Likeness or Not: NCAA pays big bucks

Staff Writer
The Destin Log

Matt's Take:

The NCAA is paying out some big bucks after a judge ordered college basketball's governing body to dish out more than $45 million in legal fees relating to the Ed O'Bannon class action anti-trust lawsuit.

The former UCLA Bruin and 19 others filed suit against the NCAA, alleging the powers that be violated anti-trust laws, given that college athletes are not entitled to a share of the billions of dollars generated by use of their likenesses and images.

Seems legitimate, right?

Well, the jury is still out on the matter. But small victories have happened along the way.

A prior ruling, back in August, from a U.S. District Court judge stated that the NCAA cannot prevent athletes from selling the rights to their likenesses, which includes their names and other images.

Trust me, as an Ohio State fan, this ruling may have prevented the suspension of former Buckeye Quarterback Terrelle Pryor, who was suspended and ultimately booted from Ohio State for selling signed merchandise.

Pryor was quoted in an ESPN story about the court ruling, saying "I'm glad they did that." "The only thing I will say about that is when I was at Ohio State, all you see is red jerseys in the stands and you see a lot of No. 2s [Pryor's number at Ohio State]. I'll leave it at that."

Why not let these kids benefit a little, financially? The NCAA is making money hand over fist off of these "student athletes," so why not share a piece of the pie.

It won't hurt the NCAA's pocketbooks to dish out the $45-plus million in legal fees, we all know that. But, maybe it's a positive sign that the courts will make the right decision moving forward.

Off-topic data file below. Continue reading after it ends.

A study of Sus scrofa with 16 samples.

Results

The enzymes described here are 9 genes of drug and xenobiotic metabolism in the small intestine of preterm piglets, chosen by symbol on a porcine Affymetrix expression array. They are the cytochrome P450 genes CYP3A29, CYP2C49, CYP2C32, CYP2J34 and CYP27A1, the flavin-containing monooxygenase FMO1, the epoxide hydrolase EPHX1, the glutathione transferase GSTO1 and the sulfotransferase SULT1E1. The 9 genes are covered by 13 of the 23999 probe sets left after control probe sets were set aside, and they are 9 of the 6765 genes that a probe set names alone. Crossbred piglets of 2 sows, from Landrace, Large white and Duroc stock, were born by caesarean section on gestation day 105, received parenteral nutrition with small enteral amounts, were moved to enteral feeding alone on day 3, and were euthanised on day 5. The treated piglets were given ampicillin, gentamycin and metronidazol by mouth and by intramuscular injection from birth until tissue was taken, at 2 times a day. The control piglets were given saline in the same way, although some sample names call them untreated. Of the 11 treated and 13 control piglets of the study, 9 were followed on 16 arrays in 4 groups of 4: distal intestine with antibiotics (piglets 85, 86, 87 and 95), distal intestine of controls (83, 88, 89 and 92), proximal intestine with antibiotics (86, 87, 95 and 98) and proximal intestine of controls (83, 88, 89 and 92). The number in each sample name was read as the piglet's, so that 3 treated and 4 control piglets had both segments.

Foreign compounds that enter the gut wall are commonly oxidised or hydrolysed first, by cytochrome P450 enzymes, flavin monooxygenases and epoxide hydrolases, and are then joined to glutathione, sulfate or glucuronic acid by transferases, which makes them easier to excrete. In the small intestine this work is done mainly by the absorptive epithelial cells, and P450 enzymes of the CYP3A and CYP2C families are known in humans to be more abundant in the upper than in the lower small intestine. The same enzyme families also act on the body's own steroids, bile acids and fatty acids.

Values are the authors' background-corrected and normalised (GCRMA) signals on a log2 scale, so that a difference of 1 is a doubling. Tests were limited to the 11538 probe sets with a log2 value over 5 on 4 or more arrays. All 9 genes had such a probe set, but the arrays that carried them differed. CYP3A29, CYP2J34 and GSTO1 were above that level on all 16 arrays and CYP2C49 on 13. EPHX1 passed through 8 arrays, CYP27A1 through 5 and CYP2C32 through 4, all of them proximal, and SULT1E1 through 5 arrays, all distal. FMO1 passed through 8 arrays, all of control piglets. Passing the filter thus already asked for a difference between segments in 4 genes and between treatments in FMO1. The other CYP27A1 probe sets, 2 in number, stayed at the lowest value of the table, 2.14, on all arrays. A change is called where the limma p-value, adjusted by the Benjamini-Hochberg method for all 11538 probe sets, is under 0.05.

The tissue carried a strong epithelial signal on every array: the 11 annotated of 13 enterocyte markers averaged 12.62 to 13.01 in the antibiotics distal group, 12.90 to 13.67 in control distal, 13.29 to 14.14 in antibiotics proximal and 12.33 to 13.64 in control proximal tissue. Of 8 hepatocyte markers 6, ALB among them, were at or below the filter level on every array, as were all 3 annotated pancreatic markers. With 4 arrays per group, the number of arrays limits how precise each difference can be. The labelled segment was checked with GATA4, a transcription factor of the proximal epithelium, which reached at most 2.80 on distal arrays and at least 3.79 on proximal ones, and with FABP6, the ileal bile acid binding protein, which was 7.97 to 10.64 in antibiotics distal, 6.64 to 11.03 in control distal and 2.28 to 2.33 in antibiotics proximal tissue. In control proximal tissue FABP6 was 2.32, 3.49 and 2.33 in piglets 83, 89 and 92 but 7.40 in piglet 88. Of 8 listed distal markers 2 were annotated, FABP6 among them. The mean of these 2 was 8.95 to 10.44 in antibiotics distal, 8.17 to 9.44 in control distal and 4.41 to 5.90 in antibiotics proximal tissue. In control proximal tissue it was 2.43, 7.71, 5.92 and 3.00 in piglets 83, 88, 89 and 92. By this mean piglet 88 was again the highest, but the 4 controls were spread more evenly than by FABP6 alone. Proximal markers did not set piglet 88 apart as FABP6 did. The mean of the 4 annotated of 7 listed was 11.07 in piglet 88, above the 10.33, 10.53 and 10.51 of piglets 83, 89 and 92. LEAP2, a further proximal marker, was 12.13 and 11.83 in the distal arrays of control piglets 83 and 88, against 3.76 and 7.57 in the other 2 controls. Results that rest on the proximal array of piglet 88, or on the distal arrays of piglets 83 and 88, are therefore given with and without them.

Let's pay these kids a small stipend and be done with it. It's the right thing to do.

Andrew’s Take:

Easy, young tigers.

Things are changing. I’m a grumpy old man when it comes to the tendencies of my generation. But the big stuff, the civil rights movement, is a type of positive progress that outweighs any negativity surrounding “my people.”

I’ve never been afraid to get political. This is a sports column, but Double Take often discusses issues that stretch beyond the boundaries of a field or court.

You can’t necessary classify either of us. Matt and I provide you with honest content, and we’re never worried about agreeing with anyone. It’s called “originality.”

The big decisions in the world are still made by the Baby Boomers. They’re the largest and most spoiled generation in the history of the world. Yet we (Gen. Y) have forced the hands of the most powerful. That’s how wrong they’ve been.

Just because Matt and I are Millennials, our thoughts are not confined to popular opinion amongst our peers.

When it comes to the compensation of American collegiate athletes, I am on the outside of generational feeling.

Last week, a judge ordered the NCAA to pay $45.9 million to the plaintiffs in the Ed O’Bannon class-action antitrust lawsuit against the NCAA.

I agree that the NCAA should not profit from the likeness of students, but I keep hearing that these amateurs should be paid.

The only compensation that athletes should receive should come from endorsements. I do not believe that the American system of colleges and universities should be in the business of contracting talent.

Ultimately, the only action that will be taken on account of the most recent judgment is the reimbursement of legal fees. It’s an obvious conclusion.

I’m glad the federal government has prohibited the exploitation of young adults. I just don’t want you take my support of these athletes and run with it, in the wrong direction.